United States District Court, S.D. Illinois
JOHN D. HAYWOOD, Plaintiff,
C/O MAUE, Defendant.
MEMORANDUM AND ORDER
M. Yandle United States District Judge
matter is before the Court on the Report and Recommendation
("Report") of United States Magistrate Judge Reona
J. Daly (Doc. 38), recommending that the Court grant
Defendant's Motion for Summary Judgment (Doc. 21).
Plaintiff filed a timely objection (Doc. 39). For the
following reasons, Judge Daly's Report is
John Haywood, an inmate in the custody of the Illinois
Department of Corrections ("IDOC"), filed this
lawsuit pursuant to 42 U.S.C. § 1983 alleging that his
constitutional rights were violated while he was incarcerated
at Menard Correctional Center ("Menard").
Specifically, Plaintiff alleges Defendant directed another
inmate to fight Plaintiff. Plaintiff further alleges that
after the other inmate retreated, Defendant placed him in a
chokehold and shoved his face into the floor. Defendant moves
for summary judgment, asserting Plaintiff failed to exhaust
his administrative remedies prior to filing this lawsuit and
that this lawsuit is barred by the two-year statute of
required by Pavey v. Conley, 544 F.3d 739 (7th Cir.
2008), Judge Daly held an evidentiary hearing on
Defendant's motion. Following the Pavey hearing,
Judge Daly issued the Report currently before the Court. The
Report accurately states the nature of the evidence presented
by both sides on the issue of exhaustion, the applicable law,
and the requirements of the administrative process. Judge
Daly examined Plaintiffs emergency grievance dated May 19,
2014 and determined that Plaintiff failed to timely submit
his grievance to the Administrative Review Board after the
grievance was denied by the Grievance Officer and Chief
Administrative Officer ("CAO"). Judge Daly further
found Plaintiffs testimony during the Pavey hearing
to be disingenuous and not credible. Accordingly, Judge Daly
concluded that Plaintiff failed to exhaust his administrative
remedies prior to filing this lawsuit. Additionally, Judge
Daly concluded that Plaintiffs Complaint, filed in January
2018, was outside of the two-year statute of limitations.
timely objections are filed, this Court must undertake a
de novo review of the Report and Recommendation. 28
U.S.C. 636(b)(1)(B), (C); Fed.R.Civ.P. 72(b); SDIL-LR
73.1(b); see also Govas v. Chalmers, 965 F.2d 298,
301 (7th Cir. 1992). The Court may accept, reject or modify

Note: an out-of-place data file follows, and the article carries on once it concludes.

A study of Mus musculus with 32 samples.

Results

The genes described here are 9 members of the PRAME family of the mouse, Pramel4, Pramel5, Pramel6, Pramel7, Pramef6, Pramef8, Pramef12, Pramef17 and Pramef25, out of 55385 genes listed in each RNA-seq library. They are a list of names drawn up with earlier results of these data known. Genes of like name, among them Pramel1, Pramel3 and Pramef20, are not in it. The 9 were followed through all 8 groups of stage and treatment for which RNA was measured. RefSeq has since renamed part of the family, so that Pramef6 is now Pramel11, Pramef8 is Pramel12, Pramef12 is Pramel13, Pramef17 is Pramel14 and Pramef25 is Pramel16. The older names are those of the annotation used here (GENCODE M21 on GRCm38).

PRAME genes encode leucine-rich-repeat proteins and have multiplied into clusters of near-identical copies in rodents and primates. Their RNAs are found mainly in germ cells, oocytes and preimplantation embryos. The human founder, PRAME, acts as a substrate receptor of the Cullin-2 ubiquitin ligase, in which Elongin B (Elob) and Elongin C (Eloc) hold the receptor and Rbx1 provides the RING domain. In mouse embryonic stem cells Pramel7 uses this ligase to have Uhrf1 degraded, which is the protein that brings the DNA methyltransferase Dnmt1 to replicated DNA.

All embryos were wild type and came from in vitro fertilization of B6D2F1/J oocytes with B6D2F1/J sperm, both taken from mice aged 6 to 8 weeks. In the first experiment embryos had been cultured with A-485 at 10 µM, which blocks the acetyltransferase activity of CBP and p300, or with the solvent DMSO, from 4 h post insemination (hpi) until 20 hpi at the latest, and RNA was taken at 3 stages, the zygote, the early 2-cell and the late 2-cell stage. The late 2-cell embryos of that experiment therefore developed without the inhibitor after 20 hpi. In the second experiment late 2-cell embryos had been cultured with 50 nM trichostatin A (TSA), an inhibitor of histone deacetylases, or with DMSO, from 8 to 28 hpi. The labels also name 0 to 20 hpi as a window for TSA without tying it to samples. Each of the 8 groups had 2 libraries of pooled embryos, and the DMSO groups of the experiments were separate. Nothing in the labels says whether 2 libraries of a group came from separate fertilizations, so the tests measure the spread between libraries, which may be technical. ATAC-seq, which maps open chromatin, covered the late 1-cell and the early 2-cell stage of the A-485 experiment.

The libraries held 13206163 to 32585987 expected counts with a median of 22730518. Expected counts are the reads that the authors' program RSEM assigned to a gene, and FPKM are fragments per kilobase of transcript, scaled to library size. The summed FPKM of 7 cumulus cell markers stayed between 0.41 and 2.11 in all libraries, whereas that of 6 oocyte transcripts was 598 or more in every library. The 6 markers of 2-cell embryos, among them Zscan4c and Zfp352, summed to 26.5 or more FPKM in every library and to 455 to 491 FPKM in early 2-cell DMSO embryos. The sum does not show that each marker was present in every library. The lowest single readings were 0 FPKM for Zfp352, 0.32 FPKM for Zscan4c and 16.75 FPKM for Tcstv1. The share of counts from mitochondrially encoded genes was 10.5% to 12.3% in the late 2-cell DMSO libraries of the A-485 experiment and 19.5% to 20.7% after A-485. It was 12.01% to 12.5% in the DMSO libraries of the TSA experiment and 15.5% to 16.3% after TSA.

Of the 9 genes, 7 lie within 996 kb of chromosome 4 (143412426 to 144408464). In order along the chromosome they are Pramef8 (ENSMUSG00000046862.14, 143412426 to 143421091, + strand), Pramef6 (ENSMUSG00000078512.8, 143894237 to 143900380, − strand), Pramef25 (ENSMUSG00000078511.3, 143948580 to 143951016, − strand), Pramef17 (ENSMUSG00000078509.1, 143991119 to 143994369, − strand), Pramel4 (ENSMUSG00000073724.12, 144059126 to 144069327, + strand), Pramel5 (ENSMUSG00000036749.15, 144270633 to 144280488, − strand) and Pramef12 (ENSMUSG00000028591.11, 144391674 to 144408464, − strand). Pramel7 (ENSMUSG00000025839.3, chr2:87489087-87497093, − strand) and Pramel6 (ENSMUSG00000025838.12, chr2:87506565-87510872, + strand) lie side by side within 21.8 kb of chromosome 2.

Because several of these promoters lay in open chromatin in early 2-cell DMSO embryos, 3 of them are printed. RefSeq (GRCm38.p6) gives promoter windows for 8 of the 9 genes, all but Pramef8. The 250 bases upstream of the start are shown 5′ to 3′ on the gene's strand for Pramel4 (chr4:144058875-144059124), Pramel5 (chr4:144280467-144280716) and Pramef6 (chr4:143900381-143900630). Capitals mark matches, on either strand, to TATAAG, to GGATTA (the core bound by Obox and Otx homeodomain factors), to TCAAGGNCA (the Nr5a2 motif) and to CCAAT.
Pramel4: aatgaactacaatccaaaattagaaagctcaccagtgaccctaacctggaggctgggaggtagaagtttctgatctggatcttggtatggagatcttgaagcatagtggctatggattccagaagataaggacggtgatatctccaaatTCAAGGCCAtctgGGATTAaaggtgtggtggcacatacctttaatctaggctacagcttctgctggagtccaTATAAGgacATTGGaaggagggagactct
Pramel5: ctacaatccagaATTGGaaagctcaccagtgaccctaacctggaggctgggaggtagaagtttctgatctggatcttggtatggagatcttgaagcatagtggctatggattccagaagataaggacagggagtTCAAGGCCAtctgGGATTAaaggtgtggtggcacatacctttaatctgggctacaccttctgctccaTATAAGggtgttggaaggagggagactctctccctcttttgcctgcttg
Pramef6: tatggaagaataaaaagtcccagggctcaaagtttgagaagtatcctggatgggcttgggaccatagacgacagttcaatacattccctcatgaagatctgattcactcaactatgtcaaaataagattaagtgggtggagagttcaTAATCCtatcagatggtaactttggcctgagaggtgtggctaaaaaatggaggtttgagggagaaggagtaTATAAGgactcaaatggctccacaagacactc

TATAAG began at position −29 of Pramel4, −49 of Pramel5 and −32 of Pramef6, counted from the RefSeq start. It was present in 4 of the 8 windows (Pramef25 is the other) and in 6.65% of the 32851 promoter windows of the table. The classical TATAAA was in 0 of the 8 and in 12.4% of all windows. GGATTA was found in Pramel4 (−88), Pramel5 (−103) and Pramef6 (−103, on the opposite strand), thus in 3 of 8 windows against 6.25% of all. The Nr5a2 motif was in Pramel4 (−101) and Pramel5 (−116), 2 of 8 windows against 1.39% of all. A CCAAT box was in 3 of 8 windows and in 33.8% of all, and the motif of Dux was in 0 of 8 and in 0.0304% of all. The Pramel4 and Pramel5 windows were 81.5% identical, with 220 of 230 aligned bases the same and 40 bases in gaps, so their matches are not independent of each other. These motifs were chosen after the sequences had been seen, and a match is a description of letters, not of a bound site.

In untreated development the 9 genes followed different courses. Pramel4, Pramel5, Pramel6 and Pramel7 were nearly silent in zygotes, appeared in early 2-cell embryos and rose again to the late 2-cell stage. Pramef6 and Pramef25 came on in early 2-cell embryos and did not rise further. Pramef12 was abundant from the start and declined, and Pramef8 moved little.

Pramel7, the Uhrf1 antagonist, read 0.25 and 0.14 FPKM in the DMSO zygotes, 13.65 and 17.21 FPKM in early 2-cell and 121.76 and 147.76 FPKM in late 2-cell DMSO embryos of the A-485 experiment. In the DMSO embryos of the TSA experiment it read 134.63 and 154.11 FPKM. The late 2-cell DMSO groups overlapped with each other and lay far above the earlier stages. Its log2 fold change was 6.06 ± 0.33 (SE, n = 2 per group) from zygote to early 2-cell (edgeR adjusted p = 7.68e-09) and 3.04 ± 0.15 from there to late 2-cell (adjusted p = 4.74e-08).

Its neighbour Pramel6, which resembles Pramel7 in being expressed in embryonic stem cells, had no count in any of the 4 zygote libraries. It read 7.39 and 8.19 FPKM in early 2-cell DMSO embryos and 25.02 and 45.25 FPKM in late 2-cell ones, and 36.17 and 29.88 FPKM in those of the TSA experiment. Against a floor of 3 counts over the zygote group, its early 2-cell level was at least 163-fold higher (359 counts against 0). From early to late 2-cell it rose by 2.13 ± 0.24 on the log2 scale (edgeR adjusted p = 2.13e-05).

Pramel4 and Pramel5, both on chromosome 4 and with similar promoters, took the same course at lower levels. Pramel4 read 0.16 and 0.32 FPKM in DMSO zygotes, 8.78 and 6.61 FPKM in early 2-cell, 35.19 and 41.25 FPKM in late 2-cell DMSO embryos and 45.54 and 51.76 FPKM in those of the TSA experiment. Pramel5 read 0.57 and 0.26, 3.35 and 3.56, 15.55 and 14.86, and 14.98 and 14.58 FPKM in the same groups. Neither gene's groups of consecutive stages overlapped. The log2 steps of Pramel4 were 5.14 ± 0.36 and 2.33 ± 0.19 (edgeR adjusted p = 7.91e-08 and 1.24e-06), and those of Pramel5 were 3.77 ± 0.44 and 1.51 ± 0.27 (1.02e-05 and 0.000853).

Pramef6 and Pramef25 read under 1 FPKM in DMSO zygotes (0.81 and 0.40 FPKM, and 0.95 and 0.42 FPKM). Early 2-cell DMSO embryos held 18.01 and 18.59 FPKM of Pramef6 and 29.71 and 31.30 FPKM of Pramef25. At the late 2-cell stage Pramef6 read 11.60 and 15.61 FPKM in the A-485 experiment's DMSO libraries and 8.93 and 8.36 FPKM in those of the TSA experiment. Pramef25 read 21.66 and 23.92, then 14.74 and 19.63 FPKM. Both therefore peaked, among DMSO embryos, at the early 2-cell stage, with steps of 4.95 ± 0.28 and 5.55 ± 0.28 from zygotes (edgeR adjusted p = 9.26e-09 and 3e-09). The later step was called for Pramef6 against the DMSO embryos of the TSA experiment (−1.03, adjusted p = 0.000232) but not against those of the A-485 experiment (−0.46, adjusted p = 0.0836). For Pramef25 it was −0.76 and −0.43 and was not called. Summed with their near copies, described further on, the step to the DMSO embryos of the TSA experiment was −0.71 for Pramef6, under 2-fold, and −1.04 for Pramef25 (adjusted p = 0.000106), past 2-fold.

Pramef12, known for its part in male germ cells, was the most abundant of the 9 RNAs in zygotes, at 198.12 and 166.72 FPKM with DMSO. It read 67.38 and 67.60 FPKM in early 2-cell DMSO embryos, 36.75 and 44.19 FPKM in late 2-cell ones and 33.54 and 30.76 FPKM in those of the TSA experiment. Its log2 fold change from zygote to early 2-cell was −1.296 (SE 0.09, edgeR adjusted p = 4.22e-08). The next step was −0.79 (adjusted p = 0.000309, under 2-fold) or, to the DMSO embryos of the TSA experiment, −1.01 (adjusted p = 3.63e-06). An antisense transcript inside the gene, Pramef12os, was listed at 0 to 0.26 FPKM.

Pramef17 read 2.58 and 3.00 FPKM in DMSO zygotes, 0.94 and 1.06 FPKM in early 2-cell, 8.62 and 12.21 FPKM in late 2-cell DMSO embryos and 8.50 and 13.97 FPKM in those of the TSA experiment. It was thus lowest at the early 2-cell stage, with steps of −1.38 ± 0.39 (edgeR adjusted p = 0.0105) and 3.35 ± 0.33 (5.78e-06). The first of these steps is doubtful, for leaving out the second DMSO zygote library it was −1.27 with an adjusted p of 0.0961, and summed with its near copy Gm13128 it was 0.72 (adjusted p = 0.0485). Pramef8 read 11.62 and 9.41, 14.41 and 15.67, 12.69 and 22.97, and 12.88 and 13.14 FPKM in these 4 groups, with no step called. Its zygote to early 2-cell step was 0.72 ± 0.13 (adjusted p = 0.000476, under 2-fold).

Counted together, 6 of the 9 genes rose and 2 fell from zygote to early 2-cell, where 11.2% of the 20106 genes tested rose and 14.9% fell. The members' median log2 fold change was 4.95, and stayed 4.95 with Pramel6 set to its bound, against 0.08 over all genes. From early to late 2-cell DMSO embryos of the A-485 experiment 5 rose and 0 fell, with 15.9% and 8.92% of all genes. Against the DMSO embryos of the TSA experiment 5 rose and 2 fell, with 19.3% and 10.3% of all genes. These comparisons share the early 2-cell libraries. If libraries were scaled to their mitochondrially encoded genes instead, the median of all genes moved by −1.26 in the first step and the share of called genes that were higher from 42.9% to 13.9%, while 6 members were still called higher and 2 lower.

the magistrate judge's recommended decision. Id.
In making this determination, the Court must look at all of
the evidence contained in the record and give fresh
consideration to those issues to which specific objections
have been made. Id., quoting 12 Charles Alan Wright
et al., Federal Practice and Procedure 3076.8, at p.
55 (1st Ed. 1973) (1992 Pocket Part).
Prison Litigation Reform Act requires prisoners to exhaust
all available administrative remedies before filing suit. 42
U.S.C. § l997e(a). Proper exhaustion requires that an
inmate file complaints and appeals in the place, at the time,
and in the manner the prison's administrative rules
require. Pozo v. McCaughtry, 286 F.3d 1022, 1025
(7th Cir. 2002). The Illinois Administrative Code (the
"Code") governs the grievance and appeals process
available to prisoners. A prisoner may file a grievance in
the normal course which includes: (1) submitting a grievance
to a grievance officer; (2) the grievance officer's
findings and recommendations are reviewed by the CAO; (3) the
CAO renders a decision; (4) the CAO's decision may then
be appealed to the ARB in writing within 30 days. 20 ILCS
§§ 504.830, 504.850(a).
prisoner may file suit after he has exhausted his
administrative remedies. Under Illinois law, am action for
personal injury must be commenced within two years after the
cause of action accrued. 735 ILCS 5/13-202; see Ashafa v.
City of Chicago, 146 F.3d 459, 461 (7th Cir. 1998). The
statute of limitations is tolled, however, while a prisoner
completes the administrative grievance process. See
42 U.S.C. § l997(e)(a); Johnson v. Rivera, 272
F.3d 519, 522 (7th Cir. 2001).
does not deny that he failed to timely appeal the CAO's
decision to the ARB. Rather, he generally objects to the
entire grievance procedure as written. Plaintiff may not
agree with the grievance procedure, but he must follow it. It
is clear that Plaintiff did not fully exhaust his
administrative remedies prior to filing suit. It is also
apparent that Plaintiffs lawsuit is barred by the two-years
statute of limitations - a finding that Plaintiff does not
address in his objections.
Court finds no clear error in Judge Daly's findings,
analysis and conclusions, and adopts her Report and
Recommendation in its entirety. Accordingly, Defendant's
Motion for Summary Judgment (Doc. 21) is
GRANTED. This case is barred by the statute
of limitations and is therefore DISMISSED with
prejudice. The Clerk of Court is
DIRECTED to enter judgment accordingly.